July 11, 1989 | Mike Reilley
Steve Kiefer sits in his Columbus, Ohio, home, his left leg in a cast from his ankle to his knee, and faithfully listens to the Columbus Clippers' International League baseball games on the radio. It's hardly the way Kiefer wants to spend the summer, but he hasn't had much of a choice thanks to the cast. And he just can't stand to see the Clippers play in person. At least not until he can play third base for the New York Yankees' triple-A franchise again.
July 11, 1989 | Mike Reilley
Steve Kiefer sits in his Columbus, Ohio, home, his left leg in a cast from his ankle to his knee, and faithfully listens to the Columbus Clippers' International League baseball games on the radio. It's hardly the way Kiefer wants to spend the summer, but he hasn't had much of a choice thanks to the cast. And he just can't stand to see the Clippers play in person. At least not until he can play third base for the New York Yankees' triple-A franchise again.
March 12, 1988
Milwaukee Brewers infielder Steve Kiefer suffered cuts that required nearly 200 stitches to close when hit in the neck by a beer bottle during an altercation at a nightspot in Mesa, Ariz.
SPORTS
August 22, 1985 | From Times Wire Services
Robin Yount is considered one of Milwaukee's leading clutch hitters, but when he singled in the winning run in the bottom of the ninth Wednesday to beat Minnesota, 3-2, at Milwaukee, it was only his third game-winning hit of the season. Yount, who leads the Brewers with 15 home runs and is second on the club with 62 runs batted in, said of his game-winning RBI total: "it's not a stat I concern myself with. It's a funny stat. It's something you can get in the first inning.
SPORTS
August 2, 1987 | DAN HAFNER
Dave Stewart, in a career that began with the Dodgers almost a decade ago, has been known as a pitcher who didn't live up to his potential and as a person who couldn't avoid problems. Until this season, the 30-year-old right-hander might be best remembered for an off-the-field incident involving a transvestite prostitute and for punching former Cleveland Indians Manager Pat Corrales.
SPORTS
August 7, 1987 | from Times Wire Services
Although Frank Viola walked six batters in seven innings Thursday night, his less-than-masterful performance made him believe he's becoming a pitcher who can win despite some adversity. "I'm starting to become a complete pitcher. Now I'm not just a thrower," Viola said after pitching Minnesota to a 9-4 victory over Oakland that moved the Twins back into first place in the American League West, one game ahead of the A's.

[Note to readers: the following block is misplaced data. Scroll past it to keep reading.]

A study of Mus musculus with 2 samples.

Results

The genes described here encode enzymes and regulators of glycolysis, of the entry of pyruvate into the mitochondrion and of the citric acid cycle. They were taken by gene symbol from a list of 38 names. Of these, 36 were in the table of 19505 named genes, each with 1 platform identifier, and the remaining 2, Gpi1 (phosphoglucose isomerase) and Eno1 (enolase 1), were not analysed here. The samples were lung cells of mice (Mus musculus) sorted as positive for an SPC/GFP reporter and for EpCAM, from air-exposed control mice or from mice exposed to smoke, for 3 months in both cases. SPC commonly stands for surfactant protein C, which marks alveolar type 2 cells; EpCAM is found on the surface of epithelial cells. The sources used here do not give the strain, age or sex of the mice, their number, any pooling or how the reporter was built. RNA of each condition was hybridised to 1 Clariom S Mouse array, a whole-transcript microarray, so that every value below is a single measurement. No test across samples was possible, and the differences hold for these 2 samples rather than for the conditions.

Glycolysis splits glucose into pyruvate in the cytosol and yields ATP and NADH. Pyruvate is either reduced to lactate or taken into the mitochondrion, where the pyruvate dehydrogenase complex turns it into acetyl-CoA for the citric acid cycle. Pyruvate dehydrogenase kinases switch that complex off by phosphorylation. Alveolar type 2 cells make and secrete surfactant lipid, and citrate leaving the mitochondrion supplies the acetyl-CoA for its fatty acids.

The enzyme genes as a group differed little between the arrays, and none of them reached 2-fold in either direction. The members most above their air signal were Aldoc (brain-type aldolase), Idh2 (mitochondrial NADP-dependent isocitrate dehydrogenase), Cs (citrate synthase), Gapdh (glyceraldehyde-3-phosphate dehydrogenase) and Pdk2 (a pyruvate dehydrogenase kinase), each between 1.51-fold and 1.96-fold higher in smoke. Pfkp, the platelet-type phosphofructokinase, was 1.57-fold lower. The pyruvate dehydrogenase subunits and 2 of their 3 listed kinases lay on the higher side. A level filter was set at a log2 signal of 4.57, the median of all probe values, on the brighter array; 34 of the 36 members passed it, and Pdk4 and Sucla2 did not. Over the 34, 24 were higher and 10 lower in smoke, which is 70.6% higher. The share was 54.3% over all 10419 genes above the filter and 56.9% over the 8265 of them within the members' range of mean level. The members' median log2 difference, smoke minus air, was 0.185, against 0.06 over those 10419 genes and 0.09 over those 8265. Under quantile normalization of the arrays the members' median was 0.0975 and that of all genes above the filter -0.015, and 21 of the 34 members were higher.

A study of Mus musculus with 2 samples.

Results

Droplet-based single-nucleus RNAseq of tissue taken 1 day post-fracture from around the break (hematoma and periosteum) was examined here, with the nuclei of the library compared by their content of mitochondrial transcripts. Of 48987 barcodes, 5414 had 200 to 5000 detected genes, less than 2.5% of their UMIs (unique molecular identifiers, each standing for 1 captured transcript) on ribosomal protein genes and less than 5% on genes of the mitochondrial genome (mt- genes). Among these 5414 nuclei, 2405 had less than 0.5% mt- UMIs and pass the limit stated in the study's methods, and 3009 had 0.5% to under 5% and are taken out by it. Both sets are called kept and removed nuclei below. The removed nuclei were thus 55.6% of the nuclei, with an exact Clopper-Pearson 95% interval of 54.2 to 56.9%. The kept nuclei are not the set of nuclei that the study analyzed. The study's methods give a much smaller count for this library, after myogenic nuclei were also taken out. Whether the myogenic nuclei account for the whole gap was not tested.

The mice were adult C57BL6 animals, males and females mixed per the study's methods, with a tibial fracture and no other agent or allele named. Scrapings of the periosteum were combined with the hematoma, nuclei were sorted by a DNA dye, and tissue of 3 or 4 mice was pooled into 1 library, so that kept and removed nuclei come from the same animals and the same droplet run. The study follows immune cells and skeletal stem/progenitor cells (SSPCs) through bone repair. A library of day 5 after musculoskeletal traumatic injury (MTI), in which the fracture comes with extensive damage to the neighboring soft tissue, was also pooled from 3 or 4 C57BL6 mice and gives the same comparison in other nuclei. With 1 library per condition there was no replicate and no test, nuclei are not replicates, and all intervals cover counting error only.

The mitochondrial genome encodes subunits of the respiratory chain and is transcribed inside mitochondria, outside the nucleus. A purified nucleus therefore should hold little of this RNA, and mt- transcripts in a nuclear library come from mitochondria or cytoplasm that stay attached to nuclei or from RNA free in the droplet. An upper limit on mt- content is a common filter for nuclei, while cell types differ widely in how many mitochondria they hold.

SPORTS
August 1, 1985 | STEVE HENSON, Times Staff Writer
When Oakland A's rookie Mike Warren pitched a no-hitter against the Chicago White Sox in 1983, Kevin Jacobson's reaction was a mixture of fantasy and reality. Knocking in the winning run or preserving the no-hitter with a dazzling play at third base was Jacobson's wish. He had played third in back of Warren in Class-A ball at Modesto three years before, so the fantasy wasn't far-fetched. In reality, Jacobson backed Warren with his brain instead of his bat or glove.
SPORTS
June 17, 1991 | JOHN WEYLER
They kept telling him it was only tendinitis, but Mark Kiefer, a pitcher in the Milwaukee Brewers' organization, wasn't convinced. He heard six different doctors deliver the same diagnosis, but he was listening to his body. Literally . "I'd throw certain pitches and my elbow would pop so loud you could hear it out on the mound," he said. "Then sometimes it would like lock in a bent position in between innings.
SPORTS
September 20, 1987 | RICHARD L. SHOOK, United Press International
It isn't necessary to sell the Milwaukee Brewers as a rising power to the rest of the American League East. The Detroit Tigers, New York Yankees and Toronto Blue Jays know too well how tough Milwaukee is and how strong it figures to be next season. "It's no secret," Detroit manager Sparky Anderson said. "They got good players." Milwaukee, which almost won the World Series in 1982 then fell to the bottom just two seasons later, figures to be one of the teams to beat in 1988.
SPORTS
August 6, 1987 | DAN HAFNER
Quietly and almost unnoticed, Jose Canseco is putting together some pretty good numbers. After a slow start, last season's American League Rookie of the Year has become a force in the Oakland Athletics' drive to the top of the West. The slugging of rookie Mark McGwire and his own wretched start combined to make Canseco a forgotten man. After 50 games, Canseco, who hit 33 home runs last season and drove in 117 runs, had only 6 home runs and 23 runs batted in.